Friday, July 29, 2016

Another Day of Ice Dyeing -- the Process Illustrated

You can see that I again stacked the mandalas as I really like the subtle differences and as I used less dye and some lighter values, they came out pretty good! I am sure now that the one on the left is the one on top and the one on the right is on the bottom.  It was easy to sort them out last night as they were all so different.  Note that these haven't been ironed yet!

The post today will be a relatively detailed description of how I do these.  This is one of the tshirts lying across a relatively flat surface before I start "pleating".

Here I have almost finished the pleating process.  I start at the lower left hand corner and just use my fingers to.gather up the garment on the diagonal. One is reversed as I did it inside out!!

All gathered up and now I spiral it.

Two spiraled t-shirts sitting on the drop cloth which is on grate suspended over a plastic box.  I did four t-shirts altogether yesterday.

Here you can see four mandalas altogether.  There are two in each half of this square (really looks more like a rectangle as I didn't cut as even as I could have!).

This is what the t-shirts look like after I have applied the ice and the dyes.  Used here were sun yellow, grass green, leaf green and some dark green (which is very very dark I have discovered).


This is one set of mandalas covered with the ice and dye.  Lots of yellow here.

This is mandalas after 2 1/2 hours.

These are the t-shirts after 2 1/2 hours.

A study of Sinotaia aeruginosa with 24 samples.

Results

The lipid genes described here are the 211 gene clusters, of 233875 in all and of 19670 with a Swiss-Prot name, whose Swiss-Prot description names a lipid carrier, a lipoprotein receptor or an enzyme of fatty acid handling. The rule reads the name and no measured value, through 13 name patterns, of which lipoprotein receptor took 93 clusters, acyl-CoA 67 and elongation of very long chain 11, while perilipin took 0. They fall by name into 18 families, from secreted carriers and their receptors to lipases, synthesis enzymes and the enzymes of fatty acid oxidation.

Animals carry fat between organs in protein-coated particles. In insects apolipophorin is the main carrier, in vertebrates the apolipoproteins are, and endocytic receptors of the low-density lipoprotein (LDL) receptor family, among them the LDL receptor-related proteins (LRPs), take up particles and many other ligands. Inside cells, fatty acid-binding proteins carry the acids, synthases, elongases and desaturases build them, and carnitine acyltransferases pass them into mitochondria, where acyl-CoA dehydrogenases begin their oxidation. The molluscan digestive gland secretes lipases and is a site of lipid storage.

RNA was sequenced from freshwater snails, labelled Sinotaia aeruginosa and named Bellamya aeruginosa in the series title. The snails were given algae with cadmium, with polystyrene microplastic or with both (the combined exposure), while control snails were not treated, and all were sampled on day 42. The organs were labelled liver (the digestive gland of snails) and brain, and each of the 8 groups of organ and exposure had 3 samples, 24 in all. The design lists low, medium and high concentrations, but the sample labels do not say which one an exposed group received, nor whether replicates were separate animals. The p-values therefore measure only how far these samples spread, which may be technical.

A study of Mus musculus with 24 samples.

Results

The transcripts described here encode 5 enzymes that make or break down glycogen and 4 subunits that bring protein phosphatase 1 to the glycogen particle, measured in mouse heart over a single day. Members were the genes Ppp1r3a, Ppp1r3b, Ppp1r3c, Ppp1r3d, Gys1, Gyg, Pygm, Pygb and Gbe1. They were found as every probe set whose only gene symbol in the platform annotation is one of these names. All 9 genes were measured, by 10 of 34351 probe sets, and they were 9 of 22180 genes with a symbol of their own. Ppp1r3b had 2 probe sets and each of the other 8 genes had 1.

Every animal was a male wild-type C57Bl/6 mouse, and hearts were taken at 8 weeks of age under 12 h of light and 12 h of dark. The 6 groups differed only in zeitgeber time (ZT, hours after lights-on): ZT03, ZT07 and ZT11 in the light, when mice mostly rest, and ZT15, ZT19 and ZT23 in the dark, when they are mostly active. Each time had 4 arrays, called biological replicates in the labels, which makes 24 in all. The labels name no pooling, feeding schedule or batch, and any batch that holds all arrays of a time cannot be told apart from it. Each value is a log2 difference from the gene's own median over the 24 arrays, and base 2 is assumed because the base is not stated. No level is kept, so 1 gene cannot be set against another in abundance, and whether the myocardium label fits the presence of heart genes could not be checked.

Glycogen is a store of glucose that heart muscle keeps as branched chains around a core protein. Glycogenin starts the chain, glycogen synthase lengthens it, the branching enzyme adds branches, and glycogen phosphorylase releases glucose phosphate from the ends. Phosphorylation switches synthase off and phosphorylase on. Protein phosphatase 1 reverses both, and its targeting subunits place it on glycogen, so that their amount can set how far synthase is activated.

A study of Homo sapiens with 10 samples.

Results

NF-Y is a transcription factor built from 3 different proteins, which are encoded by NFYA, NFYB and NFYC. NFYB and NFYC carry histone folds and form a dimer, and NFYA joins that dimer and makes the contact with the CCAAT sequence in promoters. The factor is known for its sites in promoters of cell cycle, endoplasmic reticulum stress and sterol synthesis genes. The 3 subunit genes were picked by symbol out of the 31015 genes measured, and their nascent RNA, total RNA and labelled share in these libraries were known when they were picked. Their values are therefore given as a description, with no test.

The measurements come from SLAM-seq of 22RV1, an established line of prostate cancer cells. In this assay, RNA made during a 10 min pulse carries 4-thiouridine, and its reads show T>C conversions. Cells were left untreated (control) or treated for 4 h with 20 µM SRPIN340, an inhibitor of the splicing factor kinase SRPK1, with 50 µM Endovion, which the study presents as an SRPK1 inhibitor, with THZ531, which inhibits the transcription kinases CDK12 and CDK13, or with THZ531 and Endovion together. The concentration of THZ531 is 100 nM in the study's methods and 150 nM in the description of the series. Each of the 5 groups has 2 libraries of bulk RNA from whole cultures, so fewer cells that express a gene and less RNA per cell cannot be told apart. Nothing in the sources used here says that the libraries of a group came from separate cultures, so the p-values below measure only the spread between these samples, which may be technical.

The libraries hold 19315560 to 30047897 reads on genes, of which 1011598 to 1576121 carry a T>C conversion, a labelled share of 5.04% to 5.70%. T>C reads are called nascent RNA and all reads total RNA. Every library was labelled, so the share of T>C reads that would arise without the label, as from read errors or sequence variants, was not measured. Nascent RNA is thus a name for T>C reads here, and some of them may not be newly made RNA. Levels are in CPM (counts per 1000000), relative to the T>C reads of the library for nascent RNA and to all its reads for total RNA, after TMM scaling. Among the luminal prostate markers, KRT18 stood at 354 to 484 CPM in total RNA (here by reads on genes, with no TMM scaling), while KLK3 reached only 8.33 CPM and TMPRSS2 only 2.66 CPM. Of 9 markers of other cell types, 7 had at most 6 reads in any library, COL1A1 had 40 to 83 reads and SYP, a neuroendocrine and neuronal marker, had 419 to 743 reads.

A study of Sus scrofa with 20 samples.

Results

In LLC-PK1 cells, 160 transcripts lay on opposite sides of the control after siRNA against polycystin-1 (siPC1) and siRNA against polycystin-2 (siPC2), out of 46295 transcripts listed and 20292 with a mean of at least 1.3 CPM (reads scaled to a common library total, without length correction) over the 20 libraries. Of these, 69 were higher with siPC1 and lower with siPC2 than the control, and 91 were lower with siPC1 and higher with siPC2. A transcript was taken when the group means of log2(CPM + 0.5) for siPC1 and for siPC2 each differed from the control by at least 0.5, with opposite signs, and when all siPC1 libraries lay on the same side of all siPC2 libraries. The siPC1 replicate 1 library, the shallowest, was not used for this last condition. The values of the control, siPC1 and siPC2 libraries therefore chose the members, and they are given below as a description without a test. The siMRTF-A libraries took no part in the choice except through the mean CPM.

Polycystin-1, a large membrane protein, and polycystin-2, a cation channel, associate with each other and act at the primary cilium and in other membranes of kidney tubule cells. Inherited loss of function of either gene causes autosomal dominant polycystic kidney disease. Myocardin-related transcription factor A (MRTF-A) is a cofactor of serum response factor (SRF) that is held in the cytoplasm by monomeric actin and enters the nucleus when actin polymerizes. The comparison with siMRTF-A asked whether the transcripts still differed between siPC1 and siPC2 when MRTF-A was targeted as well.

These are the mandalas after five hours.

T-shirts at five hours.  The ice is almost all melted.  Note that a lot of the yellow is still in powdery form.

These are the mandalas right before I start washing -- this was about 7 hours later.  I do these in my basement which is relatively cool.



These are the t-shirts before washing.

Before I do the washing, I nuke each of the t-shirts for about four minutes and do the same for the mandalas (although I group the mandalas and do 4 at a time).  I do the same with the drop cloths.  Just want to get them nice and warm to make sure the dye is set.

I then unfold and rinse in cold water getting a lot of the dye out and hopefully most of the soda ash.  I then dunk them in quite warm water, swishing them around to get out as much dye as possible.  (The water will look very dark.)  I change up the two waters after two t-shirts.  I then thrown them all into a bucket and cart them to the washing machine for final washing.  I use the hottest water I can in my washer and add Synthrapol.  I also make sure I am using the maximum load size.  The rinse water is warm.  After this wash, I remove them and get all the strings that have tied them all up off and look at them as this is probably what they will look like.  I then repeat the wash/rinse process one more time.  I always tell people to make sure they wash before using as well as they may have a hotter wash cycle and potentially could get some more dye out.  The dye that is left is really a stain and no longer active though so generally if there is some staining, a little Synthrapol will get it right out.

 These are the remaining mandalas displayed with their "partners".







 And here are the t-shirts.  The first two are Hanes x-large and the third one is a Basic Editions (K-Mart) 2x.



This is a 1x v-neck t-shirt.

2 comments:

Mary Koenig said...

I love your post! I have a question regarding the mandalas. You say that they are paired. Do you mean that you have 2 layers of fabric and THEN start folding? Also, your picture of the mandalas shows them lying flat. Do you spiral them similar to the t-shirts before dying, or leave them lying flat? Thanks for the tutorial!

Elizabeth said...

By pairing, I mean that I fold them and then pile then one on top of the other. I was curious as to what would happen. It also helped me finally determine that the ones closest to the ice melting had the most paler or whiter areas which makes sense. I do not spiral them like the tshirts but am thinking of doing that with some accordion folded fabric. The biggest time consumer will be getting those folds nice and even as having nicely folded and evenly folded fabric is an important part of getting nice even patterning.